Date: 07.06.2019.

With more than 3 billion people affected, land degradation is one of the world’s biggest environmental problems. In Uzbekistan, where agriculture is an important source of income for rural population, land degradation poses substantial threats for sustainable development, causing declines in crop yields and livestock productivity.

One of the main forms of degradation is soil erosion – loss of topsoil by wind and water exacerbated by intensive use of tillage machinery. In rain-fed areas of the country, soil erosion and fertility depletion are worsened by wheat mono-cropping with intensive tillage and cultivation on sloping lands without soil and water conservation measures.

Growing legume crops like chickpeas can improve the soils and reduce the use of fertilizers.

The Regional Program for Sustainable Agricultural Development in Central Asia and Caucasus led by ICARDA is promoting the cultivation of winter chickpea as a solution to recover degraded lands and harness the potential of raid-fed areas.

During the recent international conference on agricultural transformation, food security and nutrition in Central Asia, organized by the International Food Policy Research Institute (IFPRI), the ministry of Agriculture of Uzbekistan and the International Westminster University in Tashkent, ICARDA presented an animated video on the benefits of cultivating winter chickpea in the rain-fed areas.

Originated in the Southeast Turkey, chickpea is the world’s second-largest smallholder-cultivated food legume. It is an excellent source of high-quality protein, with a wide range of essential amino acids and nutritious staple of many diets and grown in more than 50 countries. Their rich content of micronutrients, including iron and zinc, can help combat anemia widespread in developing countries.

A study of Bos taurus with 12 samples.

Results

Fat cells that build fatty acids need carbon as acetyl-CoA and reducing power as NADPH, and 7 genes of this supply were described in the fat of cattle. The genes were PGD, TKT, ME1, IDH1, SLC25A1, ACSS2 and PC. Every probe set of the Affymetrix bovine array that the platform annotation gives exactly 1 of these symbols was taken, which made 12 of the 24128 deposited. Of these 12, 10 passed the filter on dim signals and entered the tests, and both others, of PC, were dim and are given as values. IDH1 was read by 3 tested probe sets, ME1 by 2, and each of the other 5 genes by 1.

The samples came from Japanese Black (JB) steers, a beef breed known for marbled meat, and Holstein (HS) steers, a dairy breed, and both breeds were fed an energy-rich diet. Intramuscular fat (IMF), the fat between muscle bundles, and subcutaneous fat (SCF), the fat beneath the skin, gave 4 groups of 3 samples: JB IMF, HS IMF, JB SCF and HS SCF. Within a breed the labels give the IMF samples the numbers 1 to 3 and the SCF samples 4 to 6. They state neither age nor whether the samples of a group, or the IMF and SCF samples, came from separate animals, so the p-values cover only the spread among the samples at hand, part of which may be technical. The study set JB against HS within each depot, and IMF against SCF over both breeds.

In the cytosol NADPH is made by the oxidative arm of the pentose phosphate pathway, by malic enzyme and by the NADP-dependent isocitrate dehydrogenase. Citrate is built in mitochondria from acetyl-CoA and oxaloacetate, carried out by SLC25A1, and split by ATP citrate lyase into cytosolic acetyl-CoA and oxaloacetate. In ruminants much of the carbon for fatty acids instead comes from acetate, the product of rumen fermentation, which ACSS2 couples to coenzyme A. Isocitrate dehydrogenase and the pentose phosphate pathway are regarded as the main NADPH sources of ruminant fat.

Chickpea is a rotation crop, suited to a sequence with cereals. It is also an agricultural wonder: bacteria that lives in the nodules along the plant’s roots are able to transform the life-giving nitrogen from the air into the organic form and enrich the soil.

Traditionally, the chickpea is sown in early spring. However, the researchers from Uzbekistan in collaboration with ICARDA have developed several varieties of winter chickpea, using the germplasm, provided by ICARDA genebank. “The new varieties are cold-resistant and can endure short-term drop in temperature to minus 15 degrees Celsius,” said Dr. Ram Sharma, Regional Coordinator of ICARDA for Central Asia and the Caucasus. “They also provide up to 50 percent higher yield than spring varieties.”

With growing demand on the international market in the past few decades, cultivation of winter chickpea can bring economic profits for farmers. Over the past 20 years, such non-chickpea producers like Australia, Russia, Canada and the United States, have become the main exporters producing up to 30 percent of world production in recent years.

“Uzbekistan has around 700,000 hectares of potential rainfed lands, suitable for growing annual crops,” said Dr. Sharma. “Of these, less than 300,000 hectares are sown with grain, legumes, oilseeds and fodder crops. With growing population nd limited irrigated lands, these lands can contribute to ensure the food security and improve the livelihoods of rural communities in the country.”